Renault Scenic -

Used Car Review

Renault Scenic, front action
Renault Scenic, front action 2
Renault Scenic, rear action
Renault Scenic, dashboard
Renault Scenic, rear seat
Renault Scenic, boot
Renault Grand Scenic, profile
Renault Grand Scenic, rear seats
Renault Grand Scenic, 2017, boot

THE latest Renault Scenic and Grand Scenic are beautifully sleek and svelte on the outside, and immensely practical on the inside.

Of course, all people carriers major on practicality and space but this was the first on the market.

Like most of the others, they are very easy and car-like to drive and the almost vertical rear helps tremendously with parking.

Both models are easy to manoeuvre in tight spaces, with most having parking sensors and all having a tight turning circle.

The standard Scenic has five seats and a large boot, while the Grand Scenic has a longer body to give seven seats - but with all of them in use, luggage space is limited.

This latest model was introduced in 2016 has a very wide range of smooth and quiet petrol and diesel engines.

I'll concentrate on the five seat Scenic for all the figures, because the engines are also used in the Grand Scenic, but will obviously give slightly lower economy.

Petrol offerings are a 1.2 turbo with 115bhp and a 1.3 with 140. The smaller unit covers the 0 to 60 miles an hour sprint in 11.9 seconds and is capable of 48 miles per gallon while the 130 sprints to 60 in 9.3 seconds and gives 41mpg.

The 1.2 litre is refined and quiet and despite its diminutive size, is more than man enough for the weight and size.

Diesels start with the well-known 1.5 that comes with 110bhp or a later version with 115. The 110 gets to 60 in 12 seconds while returning an excellent 70 miles per gallon, and the 115 brings the sprint down to 11.6 seconds and is still capable of 70 mpg.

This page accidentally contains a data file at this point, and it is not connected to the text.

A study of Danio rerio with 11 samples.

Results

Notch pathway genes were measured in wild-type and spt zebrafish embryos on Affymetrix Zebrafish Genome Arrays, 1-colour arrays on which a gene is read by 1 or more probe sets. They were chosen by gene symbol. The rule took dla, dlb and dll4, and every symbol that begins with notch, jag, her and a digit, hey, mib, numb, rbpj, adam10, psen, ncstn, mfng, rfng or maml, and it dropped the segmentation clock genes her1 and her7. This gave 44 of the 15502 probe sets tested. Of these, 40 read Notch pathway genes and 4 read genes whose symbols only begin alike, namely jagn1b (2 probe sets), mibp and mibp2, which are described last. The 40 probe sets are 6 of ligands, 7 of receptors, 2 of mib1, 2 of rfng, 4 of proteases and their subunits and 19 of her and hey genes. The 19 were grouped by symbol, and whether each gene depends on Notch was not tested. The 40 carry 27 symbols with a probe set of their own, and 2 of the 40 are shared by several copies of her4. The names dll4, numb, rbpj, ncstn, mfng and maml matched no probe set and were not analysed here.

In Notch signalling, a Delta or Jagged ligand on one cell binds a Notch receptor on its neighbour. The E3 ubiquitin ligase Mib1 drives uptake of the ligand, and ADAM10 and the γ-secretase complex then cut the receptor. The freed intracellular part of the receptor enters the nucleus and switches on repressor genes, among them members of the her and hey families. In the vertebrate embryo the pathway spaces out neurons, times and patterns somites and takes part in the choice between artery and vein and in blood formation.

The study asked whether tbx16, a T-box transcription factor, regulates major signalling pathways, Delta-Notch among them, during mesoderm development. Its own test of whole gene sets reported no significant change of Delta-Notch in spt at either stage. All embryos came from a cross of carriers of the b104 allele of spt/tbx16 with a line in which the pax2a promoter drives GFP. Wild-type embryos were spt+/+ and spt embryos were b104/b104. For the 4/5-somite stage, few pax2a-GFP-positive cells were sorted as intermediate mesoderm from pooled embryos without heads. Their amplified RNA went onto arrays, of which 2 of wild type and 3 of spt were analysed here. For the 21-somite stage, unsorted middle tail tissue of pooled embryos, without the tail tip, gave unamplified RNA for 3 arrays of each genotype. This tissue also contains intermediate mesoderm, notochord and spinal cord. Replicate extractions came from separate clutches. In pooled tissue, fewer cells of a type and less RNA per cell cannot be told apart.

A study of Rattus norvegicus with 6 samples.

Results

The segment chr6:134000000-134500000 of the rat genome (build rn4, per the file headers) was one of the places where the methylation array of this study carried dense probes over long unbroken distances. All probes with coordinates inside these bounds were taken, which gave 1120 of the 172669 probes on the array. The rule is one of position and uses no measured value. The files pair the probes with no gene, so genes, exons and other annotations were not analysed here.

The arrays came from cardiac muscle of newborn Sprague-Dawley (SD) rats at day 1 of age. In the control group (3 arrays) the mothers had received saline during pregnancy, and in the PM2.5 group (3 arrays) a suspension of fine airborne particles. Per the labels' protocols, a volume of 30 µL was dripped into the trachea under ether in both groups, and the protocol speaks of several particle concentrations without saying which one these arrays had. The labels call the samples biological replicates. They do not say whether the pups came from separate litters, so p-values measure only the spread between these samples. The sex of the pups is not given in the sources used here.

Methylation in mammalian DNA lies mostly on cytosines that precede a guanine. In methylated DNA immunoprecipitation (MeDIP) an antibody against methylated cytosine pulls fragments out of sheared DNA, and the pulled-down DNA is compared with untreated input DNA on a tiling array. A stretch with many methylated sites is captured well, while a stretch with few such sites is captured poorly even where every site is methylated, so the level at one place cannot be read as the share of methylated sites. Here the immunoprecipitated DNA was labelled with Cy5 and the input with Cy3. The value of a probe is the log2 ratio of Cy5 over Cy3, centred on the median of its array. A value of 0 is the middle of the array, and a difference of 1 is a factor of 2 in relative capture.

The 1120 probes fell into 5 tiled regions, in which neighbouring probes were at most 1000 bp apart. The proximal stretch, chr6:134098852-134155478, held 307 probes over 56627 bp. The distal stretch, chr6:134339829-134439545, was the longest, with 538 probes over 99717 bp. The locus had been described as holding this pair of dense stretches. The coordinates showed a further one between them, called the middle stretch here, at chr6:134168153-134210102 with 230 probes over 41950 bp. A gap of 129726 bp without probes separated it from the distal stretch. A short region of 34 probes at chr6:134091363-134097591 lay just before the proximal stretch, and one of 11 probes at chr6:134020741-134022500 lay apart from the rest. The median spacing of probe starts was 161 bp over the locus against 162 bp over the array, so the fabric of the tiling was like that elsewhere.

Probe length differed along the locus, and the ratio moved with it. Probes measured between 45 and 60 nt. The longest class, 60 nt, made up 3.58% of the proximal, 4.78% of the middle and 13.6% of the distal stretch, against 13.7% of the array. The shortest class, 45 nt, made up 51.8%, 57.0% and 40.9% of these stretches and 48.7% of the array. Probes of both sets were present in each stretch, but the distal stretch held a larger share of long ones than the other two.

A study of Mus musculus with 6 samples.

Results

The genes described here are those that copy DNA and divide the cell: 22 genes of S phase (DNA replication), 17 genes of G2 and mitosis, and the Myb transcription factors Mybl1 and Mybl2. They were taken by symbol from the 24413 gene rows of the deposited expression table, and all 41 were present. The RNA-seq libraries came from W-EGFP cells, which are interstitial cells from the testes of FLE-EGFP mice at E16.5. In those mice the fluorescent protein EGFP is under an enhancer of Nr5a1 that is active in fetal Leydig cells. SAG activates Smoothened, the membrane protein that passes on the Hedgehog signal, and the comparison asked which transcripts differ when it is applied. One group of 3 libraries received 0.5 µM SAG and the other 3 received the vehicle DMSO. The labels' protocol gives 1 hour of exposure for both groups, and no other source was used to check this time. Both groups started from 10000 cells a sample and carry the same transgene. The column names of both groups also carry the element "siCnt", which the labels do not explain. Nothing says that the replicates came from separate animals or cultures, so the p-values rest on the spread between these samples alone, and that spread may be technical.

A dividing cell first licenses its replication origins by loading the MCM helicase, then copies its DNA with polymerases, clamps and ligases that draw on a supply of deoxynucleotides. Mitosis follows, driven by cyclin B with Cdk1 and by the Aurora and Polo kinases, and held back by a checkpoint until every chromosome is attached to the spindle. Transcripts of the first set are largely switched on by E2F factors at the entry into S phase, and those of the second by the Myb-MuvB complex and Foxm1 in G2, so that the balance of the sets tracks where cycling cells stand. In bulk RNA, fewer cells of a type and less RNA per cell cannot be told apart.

Then comes a 1.6-litre T-D with either 130 or 160bhp. The 130 will reach 60 in 11 seconds and cover 62 miles to the gallon, while the 160 brings the sprint down to 10.4 and still does 62mpg.

Latest diesel offering in top models is a 1.75litre with 120bhp that gets to 60 in 10,7 and can do 57mpg.

Finally, there is also a diesel/electric hybrid that uses the 1.5-litre diesel with a battery pack and electric motor. The battery is not a plug-in, but charges when decelerating or from the diesel when cruising, and the electric motor assists the diesel for more power when needed.

Normal transmission is a six speed manual, but a very good twin clutch automatic is also available on some models and standard on others.

The used market seems to prefer the bigger space of the Grand Scenic but the five seater still has much to recommend it including easy access, loads of space and extra practicality over a conventional hatchback.

Petrol models are cheaper because the diesels are more sought after, but weigh up whether it is worth you spending the difference if you're not going to cover many miles.

Many diesels will have covered longer mileage for the same year.

Scenics hold the road well and handle with great safety despite quite soft suspension. There's huge space both for legs and luggage in the five seater, but things are cramped in the rear two seats of the Grand model.

The high seating position gives a great view for adults and children, keeping little ones much happier over longer trips than in some other cars, and comfort is excellent over most surfaces.

Equipment in mid-range Dynamique Nav models includes an alarm, sat nav, steering wheel remote controls, traction control, climate, parking sensors, cruise, and excellent seat and column adjustment.

Pay about £8,990 for a '16 66-reg 1.5DCi Dynamique Nav, or £12,500 for a '17 67-reg TCE130 in the same trim.